Radio Clocks and Daylight Savings Time

Ah, daylight savings time. What was the point of it again? Oh yeah … it doesn’t work, but Congress look concerned and attentive. This isn’t easy for them, so they’ll clutch at any straw.

Anyway, I have a lot of “atomic clocks,” which are really radio-synchronized clocks that get their signal from the super-low-frequency transmitter at WWVB in Fort Collins, Colorado. I like these because you can forget about your timepieces except when you need to replace the batteries five years later. They set themselves to the radio signal.

The bad news is that the radio signal doesn’t actually get through all the time. Mostly it doesn’t matter, since once a week is plenty, but it’s a pain around the daylight savings time transition. Half my clocks have updated themselves and the others haven’t. Worse, these “zero-config” clocks are very inconvenient to set manually, maybe impossible. And because resetting these clocks is something you do twice a year at most, it’s hard to remember the steps.

Once again, a promising technology gets messed up by sloppy implementation. Where’s the button to push that says, “don’t try to synch up just once per night, keep trying continuously, damn it!” Where’s the “synch over WiFi” feature? Failing that, where are the set of, “never mind, I’ll set it myself” buttons?

People talk as if timekeeping was a mature market, but clocks and watches are designed by idiots. There’s probably good money out there waiting for a designer with half a brain, provided he isn’t saddled instantly with a pointy-haired boss who prevents all progress.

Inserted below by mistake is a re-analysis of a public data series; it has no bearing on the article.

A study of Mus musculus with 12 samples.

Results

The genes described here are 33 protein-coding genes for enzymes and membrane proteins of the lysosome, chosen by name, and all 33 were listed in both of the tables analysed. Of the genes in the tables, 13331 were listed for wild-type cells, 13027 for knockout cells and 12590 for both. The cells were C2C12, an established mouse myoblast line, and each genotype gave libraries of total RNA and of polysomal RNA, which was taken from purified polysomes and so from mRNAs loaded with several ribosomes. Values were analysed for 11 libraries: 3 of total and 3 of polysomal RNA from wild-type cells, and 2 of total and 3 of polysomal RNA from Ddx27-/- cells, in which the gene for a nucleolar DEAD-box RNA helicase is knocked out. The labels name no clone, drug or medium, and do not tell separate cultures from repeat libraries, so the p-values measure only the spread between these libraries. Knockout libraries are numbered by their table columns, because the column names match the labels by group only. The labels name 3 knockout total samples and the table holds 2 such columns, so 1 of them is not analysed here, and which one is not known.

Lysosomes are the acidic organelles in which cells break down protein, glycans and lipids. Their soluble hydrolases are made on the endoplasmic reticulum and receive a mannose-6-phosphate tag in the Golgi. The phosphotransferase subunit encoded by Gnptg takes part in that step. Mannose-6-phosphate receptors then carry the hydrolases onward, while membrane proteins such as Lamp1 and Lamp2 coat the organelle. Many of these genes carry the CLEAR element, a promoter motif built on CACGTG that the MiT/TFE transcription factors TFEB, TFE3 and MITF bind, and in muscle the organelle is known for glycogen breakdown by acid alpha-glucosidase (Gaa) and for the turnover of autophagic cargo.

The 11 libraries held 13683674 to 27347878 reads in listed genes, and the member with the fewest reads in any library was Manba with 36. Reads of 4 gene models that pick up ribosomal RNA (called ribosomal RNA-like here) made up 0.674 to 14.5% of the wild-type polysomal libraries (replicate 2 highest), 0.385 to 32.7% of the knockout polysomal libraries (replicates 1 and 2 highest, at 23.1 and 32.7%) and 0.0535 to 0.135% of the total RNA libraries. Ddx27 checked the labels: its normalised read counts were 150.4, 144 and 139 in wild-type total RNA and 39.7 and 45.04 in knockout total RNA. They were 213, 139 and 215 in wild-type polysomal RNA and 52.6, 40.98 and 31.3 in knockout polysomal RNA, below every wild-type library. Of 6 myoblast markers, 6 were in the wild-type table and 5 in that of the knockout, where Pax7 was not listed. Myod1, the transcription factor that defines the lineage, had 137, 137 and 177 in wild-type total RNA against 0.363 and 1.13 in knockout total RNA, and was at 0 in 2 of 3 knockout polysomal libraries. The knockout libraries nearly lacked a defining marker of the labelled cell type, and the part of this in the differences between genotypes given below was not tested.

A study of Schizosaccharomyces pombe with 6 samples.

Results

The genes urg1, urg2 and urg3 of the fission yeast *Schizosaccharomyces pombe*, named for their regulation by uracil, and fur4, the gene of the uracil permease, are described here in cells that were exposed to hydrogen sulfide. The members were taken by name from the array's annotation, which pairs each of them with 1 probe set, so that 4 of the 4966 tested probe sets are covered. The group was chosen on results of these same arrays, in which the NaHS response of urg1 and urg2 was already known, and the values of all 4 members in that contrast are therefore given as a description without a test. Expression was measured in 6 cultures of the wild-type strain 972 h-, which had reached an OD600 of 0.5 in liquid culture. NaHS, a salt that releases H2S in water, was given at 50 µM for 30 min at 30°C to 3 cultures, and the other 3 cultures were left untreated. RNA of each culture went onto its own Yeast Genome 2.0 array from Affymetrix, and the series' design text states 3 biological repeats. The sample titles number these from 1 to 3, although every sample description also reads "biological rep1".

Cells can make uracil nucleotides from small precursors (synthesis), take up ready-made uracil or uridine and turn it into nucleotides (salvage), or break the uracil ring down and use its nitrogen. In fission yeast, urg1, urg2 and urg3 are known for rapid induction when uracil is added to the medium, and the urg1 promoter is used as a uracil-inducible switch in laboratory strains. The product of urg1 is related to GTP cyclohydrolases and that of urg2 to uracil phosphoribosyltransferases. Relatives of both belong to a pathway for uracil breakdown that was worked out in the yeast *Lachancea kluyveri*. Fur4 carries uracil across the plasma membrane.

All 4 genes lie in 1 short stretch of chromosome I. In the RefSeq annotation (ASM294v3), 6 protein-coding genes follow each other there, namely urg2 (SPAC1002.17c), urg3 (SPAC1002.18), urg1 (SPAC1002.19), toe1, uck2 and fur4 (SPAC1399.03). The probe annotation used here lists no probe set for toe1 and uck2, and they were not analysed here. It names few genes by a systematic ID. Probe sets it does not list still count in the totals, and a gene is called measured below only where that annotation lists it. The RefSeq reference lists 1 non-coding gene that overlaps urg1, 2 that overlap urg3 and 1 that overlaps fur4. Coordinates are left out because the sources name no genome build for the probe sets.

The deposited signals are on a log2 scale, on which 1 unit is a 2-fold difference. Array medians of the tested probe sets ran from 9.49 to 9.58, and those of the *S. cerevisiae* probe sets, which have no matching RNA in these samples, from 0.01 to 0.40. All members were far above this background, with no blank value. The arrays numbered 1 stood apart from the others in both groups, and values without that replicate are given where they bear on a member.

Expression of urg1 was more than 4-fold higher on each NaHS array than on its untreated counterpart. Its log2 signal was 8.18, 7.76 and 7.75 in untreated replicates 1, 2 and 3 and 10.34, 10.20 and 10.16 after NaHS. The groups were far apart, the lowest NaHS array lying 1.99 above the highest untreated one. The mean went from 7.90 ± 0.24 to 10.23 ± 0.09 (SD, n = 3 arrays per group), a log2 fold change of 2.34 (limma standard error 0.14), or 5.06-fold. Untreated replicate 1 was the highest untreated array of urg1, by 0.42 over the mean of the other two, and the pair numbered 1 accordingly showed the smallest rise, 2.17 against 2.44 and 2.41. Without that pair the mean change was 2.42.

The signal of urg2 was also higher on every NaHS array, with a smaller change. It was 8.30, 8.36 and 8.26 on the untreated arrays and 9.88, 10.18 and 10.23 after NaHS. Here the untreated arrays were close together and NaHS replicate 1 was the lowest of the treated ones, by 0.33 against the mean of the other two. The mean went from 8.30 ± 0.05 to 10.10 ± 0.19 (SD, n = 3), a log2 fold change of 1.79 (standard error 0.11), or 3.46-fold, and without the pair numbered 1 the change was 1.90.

I Publish Books! Norton Creek Press

Thoughts? Questions? Comments?

Robert Plamondon has written three books, received over 30 U.S. patents, founded several businesses, and is an expert on free-range chickens. His publishing company, Norton Creek Press, is a treasure trove of the best poultry books of the last 100 years.

Author: Robert Plamondon

Robert Plamondon has written three books, received over 30 U.S. patents, founded several businesses, and is an expert on free-range chickens. His publishing company, Norton Creek Press, is a treasure trove of the best poultry books of the last 100 years.

2 thoughts on “Radio Clocks and Daylight Savings Time”

  1. I’m looking for a wind up alarm clock that isn’t cheap crap but not $2000 either. Winding once a day and no need for a battery is a great trade off for me. Don’t need atomic precision, in fact I would like to just have an hour hand- no minutes. Seems like this analog technology just isn’t around any longer…

  2. I also work in the tech sector, and this is one of those things that drive me crazy about technology. As it gets more advanced, it often gets more troublesome to use. People watch movies from the 80s and laugh at those huge brick phones. “Think what progress we’ve made!” they say.

    I still remember the analog phone I had in 1996. To call someone not on speed-dial it was click, scroll down, click. On my phone today, it’s click, down, click, click, scroll down, click. How is that progress? What’s more, the easiest button to hit (right in the middle) opens a browser to access features I’m never going to use, and you can’t change the default. 15 cents a month of my bill is from accidentally hitting this stupid button.